Achieving housing affordability with timber
One of the problems with introducing medium density housing in the outer suburbs is doing so in a cost-effective way, without compromising on quality. New prefab technologies like those presented at the Frame Australia conference offer some very compelling solutions.
Building with timber frame and engineered wood construction is becoming a preferred option to meet the challenge of providing affordable medium density housing, according to some property developers.
The key driver for this ‘new thinking’ in residential construction is the trend in planning by many state governments to increase the density of housing in the inner and middle suburbs to keep the increasing sprawl of our major city boundaries in check.
For developers, this increased density requires multiple levels to cover high land costs, resulting in medium-rise housing being economically viable at four to five storeys to give adequate financial returns.
Buildings of this height and beyond have been built in other countries for many years using timber framing. They’re now being assisted here by recent changes to the Building Code which allow three storey timber buildings – with suggestions that the next step could be allowances in the Code for more levels.
At present, the construction of a timber frame building over three storeys requires extensive engineering documentation, but the cost is more than recouped by savings in construction on a typically cramped inner-suburb building site – particularly when compared to the traditional materials of steel and concrete.
This topic was discussed at the recent Frame Australia conference in Melbourne, where it was revealed that there are many timber building solutions currently available to lower the square-metre cost of construction for multiple housing developments.
In a presentation by Kase Jong, Estimating Manager for major developer Australand Property Group, he explained “Our objective is to not only meet customer expectations but to have attractive and cost efficient buildings.
“To obtain cost savings we have changed the way our buildings are designed, to enable domestic construction labour and materials to be used which results in savings up to 25% per apartment.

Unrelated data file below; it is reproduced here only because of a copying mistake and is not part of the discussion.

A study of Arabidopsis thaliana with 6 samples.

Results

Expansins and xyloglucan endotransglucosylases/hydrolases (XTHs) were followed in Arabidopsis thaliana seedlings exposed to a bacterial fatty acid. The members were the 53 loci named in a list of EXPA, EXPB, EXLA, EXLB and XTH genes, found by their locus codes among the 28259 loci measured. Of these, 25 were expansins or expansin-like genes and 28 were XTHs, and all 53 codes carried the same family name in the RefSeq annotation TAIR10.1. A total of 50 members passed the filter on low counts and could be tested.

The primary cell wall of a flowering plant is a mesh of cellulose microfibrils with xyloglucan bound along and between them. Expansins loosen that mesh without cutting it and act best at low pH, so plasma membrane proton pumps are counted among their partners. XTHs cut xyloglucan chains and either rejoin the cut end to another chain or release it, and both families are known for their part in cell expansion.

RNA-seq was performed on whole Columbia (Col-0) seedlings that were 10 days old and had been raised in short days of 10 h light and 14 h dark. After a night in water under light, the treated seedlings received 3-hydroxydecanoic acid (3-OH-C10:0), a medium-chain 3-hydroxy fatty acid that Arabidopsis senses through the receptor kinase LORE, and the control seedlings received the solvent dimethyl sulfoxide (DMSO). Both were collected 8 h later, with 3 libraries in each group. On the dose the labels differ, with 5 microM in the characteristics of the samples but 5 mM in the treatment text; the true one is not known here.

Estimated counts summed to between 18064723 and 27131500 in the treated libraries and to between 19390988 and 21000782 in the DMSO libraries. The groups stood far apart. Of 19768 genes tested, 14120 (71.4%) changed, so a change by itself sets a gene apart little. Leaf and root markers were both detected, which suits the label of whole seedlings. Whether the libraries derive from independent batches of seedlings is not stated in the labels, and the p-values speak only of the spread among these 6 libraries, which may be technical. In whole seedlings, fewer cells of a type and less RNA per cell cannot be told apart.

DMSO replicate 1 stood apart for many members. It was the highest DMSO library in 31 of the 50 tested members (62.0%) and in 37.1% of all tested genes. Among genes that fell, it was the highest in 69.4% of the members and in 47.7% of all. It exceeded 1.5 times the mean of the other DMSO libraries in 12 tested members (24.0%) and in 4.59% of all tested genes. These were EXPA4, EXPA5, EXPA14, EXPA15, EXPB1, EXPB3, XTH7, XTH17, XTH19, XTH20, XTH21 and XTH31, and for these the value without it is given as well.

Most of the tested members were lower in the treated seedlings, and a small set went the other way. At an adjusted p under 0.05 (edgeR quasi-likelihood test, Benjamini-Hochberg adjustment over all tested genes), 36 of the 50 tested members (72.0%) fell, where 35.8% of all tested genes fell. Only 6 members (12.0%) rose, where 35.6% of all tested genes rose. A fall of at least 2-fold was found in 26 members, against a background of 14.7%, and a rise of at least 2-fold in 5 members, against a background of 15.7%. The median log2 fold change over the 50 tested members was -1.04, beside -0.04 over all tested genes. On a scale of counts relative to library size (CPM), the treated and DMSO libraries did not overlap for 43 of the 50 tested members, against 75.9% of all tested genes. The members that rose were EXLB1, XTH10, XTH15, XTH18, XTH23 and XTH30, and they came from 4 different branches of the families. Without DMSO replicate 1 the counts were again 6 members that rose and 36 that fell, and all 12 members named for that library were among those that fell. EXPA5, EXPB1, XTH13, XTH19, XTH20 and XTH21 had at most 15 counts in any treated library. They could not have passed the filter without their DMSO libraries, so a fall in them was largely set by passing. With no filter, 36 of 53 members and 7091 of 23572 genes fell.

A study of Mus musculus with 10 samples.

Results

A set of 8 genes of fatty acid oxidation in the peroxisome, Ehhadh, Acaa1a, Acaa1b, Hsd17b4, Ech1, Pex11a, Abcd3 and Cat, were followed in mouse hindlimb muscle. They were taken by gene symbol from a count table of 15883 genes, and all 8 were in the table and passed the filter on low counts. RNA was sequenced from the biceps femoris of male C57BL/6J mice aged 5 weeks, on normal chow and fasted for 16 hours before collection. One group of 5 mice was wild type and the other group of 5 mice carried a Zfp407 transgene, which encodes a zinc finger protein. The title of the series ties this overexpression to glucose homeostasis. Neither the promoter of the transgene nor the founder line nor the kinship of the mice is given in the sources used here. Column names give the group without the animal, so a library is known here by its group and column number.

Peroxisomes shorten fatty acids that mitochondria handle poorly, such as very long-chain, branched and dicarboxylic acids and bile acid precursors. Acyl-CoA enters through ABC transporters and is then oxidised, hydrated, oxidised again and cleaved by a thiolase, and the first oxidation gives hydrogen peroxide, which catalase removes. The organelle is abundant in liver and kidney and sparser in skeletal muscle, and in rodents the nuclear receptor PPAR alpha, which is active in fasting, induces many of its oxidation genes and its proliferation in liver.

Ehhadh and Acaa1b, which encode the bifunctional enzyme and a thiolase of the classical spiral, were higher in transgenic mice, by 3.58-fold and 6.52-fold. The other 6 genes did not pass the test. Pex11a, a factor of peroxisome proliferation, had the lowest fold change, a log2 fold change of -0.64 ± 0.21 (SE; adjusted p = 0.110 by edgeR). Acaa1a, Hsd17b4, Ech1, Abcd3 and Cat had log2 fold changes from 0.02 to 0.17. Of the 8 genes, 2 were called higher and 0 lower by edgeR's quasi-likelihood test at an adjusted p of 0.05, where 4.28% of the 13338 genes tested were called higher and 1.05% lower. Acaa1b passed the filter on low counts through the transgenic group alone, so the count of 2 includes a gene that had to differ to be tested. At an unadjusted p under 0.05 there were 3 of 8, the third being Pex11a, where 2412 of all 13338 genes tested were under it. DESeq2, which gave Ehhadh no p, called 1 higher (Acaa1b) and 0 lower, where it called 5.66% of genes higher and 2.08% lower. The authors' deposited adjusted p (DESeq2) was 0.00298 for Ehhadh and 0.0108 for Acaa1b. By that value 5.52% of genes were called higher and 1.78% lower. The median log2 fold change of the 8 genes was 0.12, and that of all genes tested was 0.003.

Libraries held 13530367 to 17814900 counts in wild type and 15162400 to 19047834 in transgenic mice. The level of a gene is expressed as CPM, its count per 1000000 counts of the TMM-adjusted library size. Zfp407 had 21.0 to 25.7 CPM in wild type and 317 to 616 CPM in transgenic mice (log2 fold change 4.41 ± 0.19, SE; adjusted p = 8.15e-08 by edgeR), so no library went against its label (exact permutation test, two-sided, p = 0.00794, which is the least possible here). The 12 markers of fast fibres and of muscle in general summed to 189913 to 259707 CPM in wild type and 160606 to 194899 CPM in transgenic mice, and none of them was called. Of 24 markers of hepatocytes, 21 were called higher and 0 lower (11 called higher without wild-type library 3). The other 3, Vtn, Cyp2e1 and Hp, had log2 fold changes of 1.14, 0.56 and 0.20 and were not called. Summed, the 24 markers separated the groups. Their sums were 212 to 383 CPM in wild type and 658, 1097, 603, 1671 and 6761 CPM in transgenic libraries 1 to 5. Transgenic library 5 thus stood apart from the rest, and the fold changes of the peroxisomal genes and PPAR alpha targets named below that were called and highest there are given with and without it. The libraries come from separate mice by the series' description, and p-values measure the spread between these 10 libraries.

“We are using hybrid construction to build 5 storey timber-framed structures utilising prefabricated frames with panelised floor cassettes, creating a system that is built off-site and installed in modules.
“The method provides significant benefits in saving construction time and improving safety, and utilises readily available building materials normally used in the supply chain for detached housing.”
Kase continued “for Australand, this building method can be applied to about 50% of our medium-density houses and apartments. It’s about finding the right solution to the right site for each situation.
“This enables us to provide more affordable housing for the average Australian in the middle and outer suburbs where concrete construction is not economically viable.”
Kase also presented details of Australand’s Parkville project ‘The Green’ (pictured left) which contains 57 apartments across five storeys, with a building area of 5,100 square metres. Using timber frame construction the development took only 12 months from start on site to Certificate of Occupancy issued.
In another presentation , international expert Walter Fahrenschon, CEO of Hundegger Germany said “Prefabrication is an ideal solution to build better quality houses at competitive pricing, through greater accuracy providing better finishes and improved building performance in energy efficiency and acoustics.
“Does higher quality cost more? The answer is yes if we try to raise quality with the same building methods, but the answer is no if we are willing and able to change the processes and methods of construction,” he added.
Walter’s suggestion from his experience in quality improvements in Europe was to “start with multiple housing developments, as the construction time reduction is very important, and high quality in building acoustics and finishes are also important to the buyer.”
The Frame Australia exhibition featured a large number of timber building products including Tecbeam, a high performance beam component of floor cassettes in the Australand Parkville development.
Jack Haber, Executive Chairman of Tecbuild Systems, which manufactures Tecbeam explained that “cost savings from speed in construction and reduced materials costs is being enhanced by superior performance from new-generation products and building systems.
“These provide longer spans, stiffer floor plates and superior fire and acoustic results for a better overall result.
“Importantly, these systems are available through well-established existing and competitive supply chains. And right now timber panelised solutions are being brought to the Australian market that will allow developers and builders the opportunity to pass savings advantages on to purchasers.”
Jack cautioned that “prefabricated solutions are fully engineered, and must be carefully detailed. The key to a successful project is to carefully select a capable fabricator and to include them as part of the design team from the start.
“Successful prefabrication is the result of care and expertise brought to the shop drawings, which include such key considerations as engineering and certification, lifting design, wall set-out drawings, and services coordination” he concluded.
The general consensus at Frame Australia was that ongoing containment of urban sprawl will be necessary for healthy cities, and prefabricated timber frame medium density housing construction of five storeys and more will be the solution.
There is no doubt that future infill housing in areas closer to cities must be delivered to the market at affordable prices to ensure the population density targets are achieved – which effectively places the responsibility for this outcome in the hands of the building industry.